Phenomenal artwork depicting the Cassini spacecraft near Saturn and its huge moon Titan. Credits: Cassini Model: Brian Kumanchik, Christian Lopez, NASA/JPL-Caltech, and updated by Kevin M. Gill

Titan has had *enough* of Saturn, leaving the planet 100X faster than expected

Contributed by
Jun 9, 2020

Personally, if I were orbiting Saturn, I'd want to stick around as long as possible. But Titan, however, is not me, and is hightailing it away from the planet — receding from Saturn 100 times faster than expected.

Not that it's exactly zipping away; it's moving at 11 centimeters per year from Saturn. Your hair grows more than twice that fast. Still, at this rate, it'll leave Saturn in about 5 billion years, which on a galactic timescale is imminent.

The reason it's moving away at all is due to tides. I have an article explaining how this works in detail (and a Crash Course Astronomy episode dedicated to it as well). In a nutshell, the gravity of a moon creates a bulge in its host planet. The planet rotates rapidly, and that bulge gets carried ahead of the moon a bit. In turn, the bulge gravitationally pulls on the moon, giving it more orbital energy, which means the moon slowly moves away from the planet. This happens with our own Moon, which recedes from the Earth by about 4 cm per year.

Titan is a gigantic moon, the second largest in the solar system and almost as big as Mercury (if Saturn weren't there, we'd be tempted to call it a planet in its own right). It raises a pretty decent tidal bulge in Saturn … but in some cases this whole process depends very strongly on the distance of the moon and the planet (double the distance and things slow by a factor of nearly 50). At Titan's distance of 1.2 million km, it was thought that it would barely recede at all, only 0.1 cm per year.

But a paper came out a few years ago suggesting that things could happen a lot more quickly, and that Saturn's moons might be moving away rapidly. A team of planetary scientists detected this in some of Saturn's mid-sized moons, so they decided to take a closer look at Titan and five other larger moons (Mimas, Rhea, Tethys, Enceladus, and Dione).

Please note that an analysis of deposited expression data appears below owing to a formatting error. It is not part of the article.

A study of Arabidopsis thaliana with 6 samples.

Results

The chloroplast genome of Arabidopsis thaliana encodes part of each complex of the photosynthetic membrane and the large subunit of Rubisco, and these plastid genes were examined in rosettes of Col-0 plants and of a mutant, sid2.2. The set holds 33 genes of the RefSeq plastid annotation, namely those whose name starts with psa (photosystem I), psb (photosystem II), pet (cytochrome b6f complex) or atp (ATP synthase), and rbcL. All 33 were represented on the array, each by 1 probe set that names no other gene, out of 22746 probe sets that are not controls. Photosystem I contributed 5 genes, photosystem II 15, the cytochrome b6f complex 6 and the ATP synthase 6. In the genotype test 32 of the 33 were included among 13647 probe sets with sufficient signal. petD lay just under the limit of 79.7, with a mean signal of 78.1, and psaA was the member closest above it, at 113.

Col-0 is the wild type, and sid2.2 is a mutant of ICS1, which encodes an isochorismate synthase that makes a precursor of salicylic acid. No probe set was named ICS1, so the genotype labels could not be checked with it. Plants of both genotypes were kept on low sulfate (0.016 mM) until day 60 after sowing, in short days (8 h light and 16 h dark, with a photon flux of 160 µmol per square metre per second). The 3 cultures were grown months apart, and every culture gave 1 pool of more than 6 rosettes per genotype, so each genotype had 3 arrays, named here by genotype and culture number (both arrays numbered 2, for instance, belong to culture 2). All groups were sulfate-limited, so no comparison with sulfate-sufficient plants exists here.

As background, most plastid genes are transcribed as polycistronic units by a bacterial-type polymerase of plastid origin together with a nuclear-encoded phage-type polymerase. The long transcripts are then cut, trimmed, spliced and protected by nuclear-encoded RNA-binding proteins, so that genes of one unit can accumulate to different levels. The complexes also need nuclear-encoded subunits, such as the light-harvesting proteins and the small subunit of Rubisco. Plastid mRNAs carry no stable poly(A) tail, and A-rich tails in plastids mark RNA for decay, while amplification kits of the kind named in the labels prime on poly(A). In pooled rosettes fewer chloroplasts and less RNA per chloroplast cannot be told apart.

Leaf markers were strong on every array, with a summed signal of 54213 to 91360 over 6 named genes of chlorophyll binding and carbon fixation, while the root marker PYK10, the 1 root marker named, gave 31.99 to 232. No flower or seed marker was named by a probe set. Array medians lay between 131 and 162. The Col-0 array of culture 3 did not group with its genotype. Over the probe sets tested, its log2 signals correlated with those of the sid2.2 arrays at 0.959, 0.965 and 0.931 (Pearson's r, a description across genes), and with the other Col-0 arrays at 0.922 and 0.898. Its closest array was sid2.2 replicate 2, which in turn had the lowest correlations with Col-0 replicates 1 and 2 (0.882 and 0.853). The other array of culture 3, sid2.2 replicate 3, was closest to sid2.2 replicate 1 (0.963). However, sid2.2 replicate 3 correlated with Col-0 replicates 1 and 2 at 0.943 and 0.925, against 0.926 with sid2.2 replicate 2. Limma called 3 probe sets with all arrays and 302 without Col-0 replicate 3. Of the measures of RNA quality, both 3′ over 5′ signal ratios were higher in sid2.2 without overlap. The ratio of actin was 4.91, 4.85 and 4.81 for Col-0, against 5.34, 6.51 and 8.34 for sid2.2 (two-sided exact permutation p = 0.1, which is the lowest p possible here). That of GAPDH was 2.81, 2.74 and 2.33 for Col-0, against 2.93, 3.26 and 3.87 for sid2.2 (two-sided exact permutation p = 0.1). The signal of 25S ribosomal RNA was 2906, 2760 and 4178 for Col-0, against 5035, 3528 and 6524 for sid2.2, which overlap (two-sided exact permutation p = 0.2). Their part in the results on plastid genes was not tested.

Titan tries to hide behind Saturn’s rings in this image from 2012. Note the visible bluish haze layer in Titan’s upper atmosphere. Credit: NASA/JPL-Caltech/SSI

For Titan they used data from the Cassini mission, which orbited the ringed planet for 13 years and passed very close to Titan well over a hundred times. Using radio data from the spacecraft, they could measure its exact position to very high accuracy, and from that determine just where Titan was.

They also used good old-fashioned astrometry; that is, Earth-based telescopic observations of the satellites (dating back to 1886!) as well as Cassini observations to measure their positions over time. Using these measurements for the moons, and combining the radio data for Titan, they were able to measure how strongly Saturn affects the moons through tides, and found that the distance is not nearly as strong a factor as thought in this case.

The very cool thing about this is that the two methods both independently agree with a hypothesis proposed in that earlier paper a few years ago. There the scientists proposed that tidal forces from the moons act differently than thought for Saturn. In most cases, the tides create friction inside of a planet, which generates heat, and this gets dissipated throughout the planet, lessening the effect. But the new idea is that Titan creates a resonance inside Saturn, pumping energy into it more efficiently — like when you pump your legs in time with your motion on a swing, moving you higher and higher with each pass. In this case, the orbital motion of Titan syncs up with motions inside Saturn, increasing the efficiency of the tidal process.

Artist drawing of Cassini on its final approach to Saturn on September 15, 2017. Credit: NASA/JPL-Caltech

The implications of this are interesting. When it was thought that Titan didn't move out much, it was also assumed it formed pretty much at the distance from Saturn it is now. But now that we know it's moving out rapidly, that means it must have formed much closer to Saturn all those billions of years ago (assuming this resonance has acted continuously all this time). This changes how scientists understand where the moons formed, and even how Saturn's magnificent rings have formed and evolved!

More profoundly, tides affect a huge number of systems across the Universe, including binary stars, galaxies, exoplanets that orbit close to the their stars, and again the Earth and Moon. Literally, the length of our day depends on tides from the Moon: Our current rotation rate of spinning once every 24 hours used to be much faster, but the tidal process slowed the Earth's spin over time.

Crash Course Astronomy: Saturn

We understand the overall physics of how tides work, but the detailed effects can be hard to predict and determine, and this new work shows that there's still more to learn. That's cool! We're zeroing in on better understanding of the underlying mechanisms of the Universe. You might not have thought something like that would come from the Cassini mission, but in science, all the pieces have to fit together. Everything affects everything else. Even forces so small they aren't noticeable on a daily basis, but which, inexorably, build up to huge effects over time.

Why, if there's a life lesson to be taken from that, feel free to find it for yourself.